Investment Management: You Get What You Pay For
Coverage of the investment management industry over the last few months has been characterised by persistent and often excruciating arguments about the level of fees. “Tracker funds are the future!” scream taglines; “Passive is the only way!” bellow index trackers. The din is such that a casual observer might conclude the argument is over, and zero fees the only end-point.
Whilst fees paid to the manager obviously reduce the investment return earned, this myopic focus on the absolute level of fees distracts, like a magician’s skilled hands, from the real trick: after-fee returns received by the client. This distraction is in many cases no accident. With the exception of a few respected, unfettered financial journalists many of the commentators have “skin in the game“, and unashamedly grab media exposure to advance their own passive asset management businesses.
What is typically left unaddressed (because it does not fit the narrative) is the obvious drawback that all tracker funds (and many passive offerings) are designed to under-perform their benchmarks. That’s correct: failure is built into their DNA. By definition, a fund that delivers the same gross performance as an index will underperform that index by the fee charged, so the investment outcome is guaranteed to disappoint. This would be true even in a perfect world with frictionless portfolio rebalances to track index changes. In the real world, observed net performance of such funds has been known to lag the index being tracked by more than the fees charged.
Further, these publicity-loving commentators grossly overstate the difference in cost between passive and active funds, implying that trackers are orders of magnitude cheaper. In practice, both feature a wide range of fees and expense ratios. According to Morningstar data, some passive funds cost more than the average expense ratio of ASISA general equity funds.
The emphasis on only buying cheap, with scant regard for the quality of the underlying product, is at odds with consumer behaviour in virtually all other spheres. From wine to cars to clothes, premium offerings command higher prices as long as they continue to meet the brand promise. Similarly, high-quality active asset managers will always cost more than the index-tracking competition, and will continue to prosper if they deliver benchmark-beating returns after costs.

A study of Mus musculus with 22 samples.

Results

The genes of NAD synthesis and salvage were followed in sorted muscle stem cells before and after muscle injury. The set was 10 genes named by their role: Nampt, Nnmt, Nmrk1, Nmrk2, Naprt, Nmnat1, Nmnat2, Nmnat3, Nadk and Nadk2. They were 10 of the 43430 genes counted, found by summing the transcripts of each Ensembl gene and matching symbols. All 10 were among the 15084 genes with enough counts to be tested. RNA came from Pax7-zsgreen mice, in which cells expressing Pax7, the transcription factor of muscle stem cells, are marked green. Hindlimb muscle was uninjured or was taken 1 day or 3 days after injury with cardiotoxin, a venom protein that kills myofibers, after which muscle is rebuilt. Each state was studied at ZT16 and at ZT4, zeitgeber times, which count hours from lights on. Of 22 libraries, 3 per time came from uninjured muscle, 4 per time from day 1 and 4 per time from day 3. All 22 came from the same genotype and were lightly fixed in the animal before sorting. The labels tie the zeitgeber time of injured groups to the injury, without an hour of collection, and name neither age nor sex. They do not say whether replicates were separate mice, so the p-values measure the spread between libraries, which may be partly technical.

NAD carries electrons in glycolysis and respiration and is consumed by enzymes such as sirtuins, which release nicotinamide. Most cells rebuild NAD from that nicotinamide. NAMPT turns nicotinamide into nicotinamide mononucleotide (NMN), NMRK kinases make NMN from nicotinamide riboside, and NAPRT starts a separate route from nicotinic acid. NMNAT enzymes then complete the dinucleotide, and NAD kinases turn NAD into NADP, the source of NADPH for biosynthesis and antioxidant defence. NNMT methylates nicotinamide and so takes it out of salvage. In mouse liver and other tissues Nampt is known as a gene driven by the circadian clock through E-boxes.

SA investment managers are adapting to competitive market forces embracing technological developments. Operational costs are being driven relentlessly downward through technology and efficiency enhancements. Emergent tools such as Blockchain will completely transform the transaction and execution cost chain, whilst artificial intelligence will play an increasing role in aiding investment analysis and further reduce active management costs. Established managers are dedicating significant resources toward adopting these technologies and staying ahead of the curve.
Zero operating costs will, however, never be possible. Managing people’s money is serious business and one cannot wish away the need for robust, accurate, dependable and auditable operating systems. Indeed, it is often in these areas where the quality of an organisation becomes evident - reliability of back office, operational governance, ability to invest in and improve operational stability, minimal error rates and the organisation’s response when the inevitable errors do occur.
An established principle of behaviour is that if something is free it is not valued. Irrespective of its price tag, an item received without the investment of time or resources is less appreciated than one worked for. Saving for the future is one of the most important aspects of modern life, as governments shift the burden of future provision onto citizens and life expectancy continues to rise. The future is a very long place! The danger is that society’s collective willingness to defer consumption in favour of vague future returns is undermined every time end results do not meet expectations. An unthinking take-up of passive funds simply because they are cheap potentially guarantees this unfortunate situation for decades to come.
The cacophony of comment arguing that cheap tracker funds are a panacea for all things investment-related is menacing and misleading. What is required instead is sober assessment of the characteristics of different investment vehicles, education about the long-term implications of underperformance, honest evaluation of after-fee returns and intelligent illustration of clients’ progress along their personal savings trajectory.
At Prudential Investment Managers we are unashamedly active in our approach to investing - both in portfolio management and stewardship - and prepared to be measured by after-fee investment performance. We know it is necessary to be efficient and minimise operating costs, and this receives ongoing focus in the business. But we also understand that the real driver of continued success is the generation of market-beating returns so our clients can achieve their investment goals.